With its report due by the end of September, the Congressional Long-Term Care Commission is setting its sights on what can be accomplished in an “extraordinarily short time-frame,” according to member Judith Stein, executive director of the Center for Medicare Advocacy.
The commission will continue to investigate an extension of the deadline, but members have been informed that it currently stands, Stein told McKnight’s. The January fiscal cliff legislation that repealed the Community Living Assistance Services and Supports (CLASS) Act also created the Long-Term Care Commission, convening it for a period of six months following the appointment of its 15 members.
“Given that there was just a full commission a few weeks ago, I was hoping we might be able to start the timeframe then,” Stein said, referring to the recent replacement of member Bruce Greenstein, former Louisiana Secretary of Health and Hospitals.
Greenstein, who was appointed to the commission by Senate Minority Leader Mitch McConnell (R-KY), faces federal and state investigations related to potential perjury charges. He was replaced by Christopher Jacobs, senior policy analyst at the Heritage Foundation.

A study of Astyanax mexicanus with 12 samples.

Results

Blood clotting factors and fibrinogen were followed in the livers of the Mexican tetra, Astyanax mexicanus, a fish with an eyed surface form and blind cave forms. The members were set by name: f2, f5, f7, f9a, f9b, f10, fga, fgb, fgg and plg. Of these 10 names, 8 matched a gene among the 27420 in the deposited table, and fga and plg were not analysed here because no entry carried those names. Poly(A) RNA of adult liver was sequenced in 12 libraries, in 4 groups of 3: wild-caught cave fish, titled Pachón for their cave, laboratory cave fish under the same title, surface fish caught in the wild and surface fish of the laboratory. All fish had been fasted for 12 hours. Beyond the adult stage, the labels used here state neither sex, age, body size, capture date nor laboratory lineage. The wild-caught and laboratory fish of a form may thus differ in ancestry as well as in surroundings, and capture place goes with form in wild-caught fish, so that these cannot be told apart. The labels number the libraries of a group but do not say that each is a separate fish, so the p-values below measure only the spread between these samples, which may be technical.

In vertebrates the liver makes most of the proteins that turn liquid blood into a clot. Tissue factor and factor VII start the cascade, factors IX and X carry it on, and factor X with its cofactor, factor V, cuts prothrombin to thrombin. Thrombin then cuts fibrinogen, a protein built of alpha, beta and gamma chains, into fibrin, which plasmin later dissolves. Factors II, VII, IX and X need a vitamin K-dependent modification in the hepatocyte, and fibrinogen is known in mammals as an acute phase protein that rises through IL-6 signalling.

A lawyer and long-time advocate for Medicare beneficiaries, Stein identified a number of priorities she brings to the commission: pushing for strong social insurance as well as private models to finance long-term care; ensuring that people don’t have to impoverish themselves to qualify for coverage; and making sure there are “very clear and fair consumer protections” around any private-pay systems. However, she said, drawing attention to pressing long-term care issues, laying out some statements of principle and helping clarify possible directions may be all that is realistic for the commission now.
“We’re dealing with the art of the possible,” she said.
The commission recently named SCAN Foundation President Bruce A. Chernof as chair and set its first meeting for June 27. But members are still putting together an agenda and hashing out their schedules, Stein said. The timing adds to the commission’s challenges, she observed, noting summer means even more scheduling issues.
Commission vice-chair Mark Warshawsky, director of retirement research at consulting firm Towers Watson, has expressed similar concerns about the timeframe. The commission needs 18 months to formulate recommendations to Congress on how long-term care is financed and delivered, Warshawsky told an audience at the American Enterprise Institute in Washington, D.C., earlier this month.